The Clean Development Mechanism (CDM) is a market-based mechanism established by the United Nations Framework Convention on Climate Change (UNFCCC) to allow developed countries to offset their emissions of greenhouse gases by investing in emission-reduction projects in developing countries. The goal of the CDM is to encourage the transfer of technology and investment from developed to developing countries to help reduce emissions while also promoting sustainable development.
The CDM allows industrialized countries to invest in emission reduction projects in developing countries, and then receive Certified Emission Reduction (CER) credits, which can be used towards meeting their emission reduction targets under the Kyoto Protocol. In this way, the CDM provides a way for developed countries to achieve their emissions reduction targets at a lower cost than if they were to make the reductions themselves, while also providing a source of funding for emission reduction projects in developing countries.
To be eligible for CDM, a project must be located in a developing country, must result in a reduction in greenhouse gas emissions that is additional to what would have occurred without the project, and must be approved by the CDM Executive Board. The Executive Board is responsible for determining whether a project is eligible for the CDM and for issuing CERs to the project developer.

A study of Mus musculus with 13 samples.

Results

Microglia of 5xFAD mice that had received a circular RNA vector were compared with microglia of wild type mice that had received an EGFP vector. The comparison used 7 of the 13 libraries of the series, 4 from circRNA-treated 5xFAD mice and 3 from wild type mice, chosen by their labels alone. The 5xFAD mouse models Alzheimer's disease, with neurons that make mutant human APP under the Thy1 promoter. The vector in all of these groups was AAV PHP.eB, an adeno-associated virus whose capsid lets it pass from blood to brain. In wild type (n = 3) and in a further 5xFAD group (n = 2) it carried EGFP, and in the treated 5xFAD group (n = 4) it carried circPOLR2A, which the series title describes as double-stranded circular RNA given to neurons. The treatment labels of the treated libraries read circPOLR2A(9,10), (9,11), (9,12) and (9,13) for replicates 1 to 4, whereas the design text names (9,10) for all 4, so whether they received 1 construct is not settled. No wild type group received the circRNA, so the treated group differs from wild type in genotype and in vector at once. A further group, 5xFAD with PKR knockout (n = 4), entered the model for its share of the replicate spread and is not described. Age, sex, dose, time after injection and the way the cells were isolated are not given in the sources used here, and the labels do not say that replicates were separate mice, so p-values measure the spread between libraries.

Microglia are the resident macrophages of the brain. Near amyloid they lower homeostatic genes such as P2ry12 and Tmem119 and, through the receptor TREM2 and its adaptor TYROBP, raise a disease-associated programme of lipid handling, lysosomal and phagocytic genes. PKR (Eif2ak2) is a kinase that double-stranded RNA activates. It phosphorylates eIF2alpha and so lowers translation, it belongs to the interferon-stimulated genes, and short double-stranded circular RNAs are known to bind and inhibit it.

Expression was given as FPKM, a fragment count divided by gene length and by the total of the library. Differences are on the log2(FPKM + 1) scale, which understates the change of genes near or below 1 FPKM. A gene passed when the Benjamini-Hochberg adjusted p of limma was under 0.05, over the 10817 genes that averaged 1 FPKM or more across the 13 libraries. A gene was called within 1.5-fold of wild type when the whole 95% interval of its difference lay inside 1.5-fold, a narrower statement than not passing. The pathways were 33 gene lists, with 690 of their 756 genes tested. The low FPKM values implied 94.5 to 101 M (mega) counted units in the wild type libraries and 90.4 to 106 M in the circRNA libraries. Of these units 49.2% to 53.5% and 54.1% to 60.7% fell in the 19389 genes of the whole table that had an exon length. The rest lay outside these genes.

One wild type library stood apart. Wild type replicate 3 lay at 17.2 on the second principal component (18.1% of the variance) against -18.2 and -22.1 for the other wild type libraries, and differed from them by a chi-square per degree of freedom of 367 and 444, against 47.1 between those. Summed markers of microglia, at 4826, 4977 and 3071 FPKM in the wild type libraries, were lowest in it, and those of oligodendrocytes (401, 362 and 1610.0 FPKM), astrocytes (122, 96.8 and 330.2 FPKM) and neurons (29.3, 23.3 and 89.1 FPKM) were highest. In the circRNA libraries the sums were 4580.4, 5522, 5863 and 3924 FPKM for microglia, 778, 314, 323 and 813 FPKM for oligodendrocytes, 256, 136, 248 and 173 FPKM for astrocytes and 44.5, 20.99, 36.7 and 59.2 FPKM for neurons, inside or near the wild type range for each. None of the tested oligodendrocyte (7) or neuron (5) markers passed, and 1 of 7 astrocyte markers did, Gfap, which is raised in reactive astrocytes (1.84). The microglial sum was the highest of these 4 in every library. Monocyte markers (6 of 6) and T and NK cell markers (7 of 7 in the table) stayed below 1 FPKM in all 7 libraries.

The CDM has been successful in driving investment in clean energy and emission reduction projects in developing countries, with over 7,000 projects in over 80 countries having been registered as of 2018. This investment has not only helped to reduce greenhouse gas emissions, but also helped to improve the lives of people in these countries through increased access to clean energy and other sustainable development benefits.
However, it’s also important to note that CDM has been subject to criticism over the years. Some argued the lack of oversight and potential for fraud, or that the projects didn’t necessarily result in real emissions reductions, but rather a shift of emissions to other locations. The CDM also faced a significant drop in demand due to the economic downturn of 2008, but later recover.
Despite its limitations, the CDM remains an important tool for developed countries to invest in emission reduction projects in developing countries and to achieve their emissions reduction targets under the Kyoto Protocol. And with the ongoing global effort to limit global warming, the role of CDM in international climate cooperation will be an ongoing topic of debate and discussion.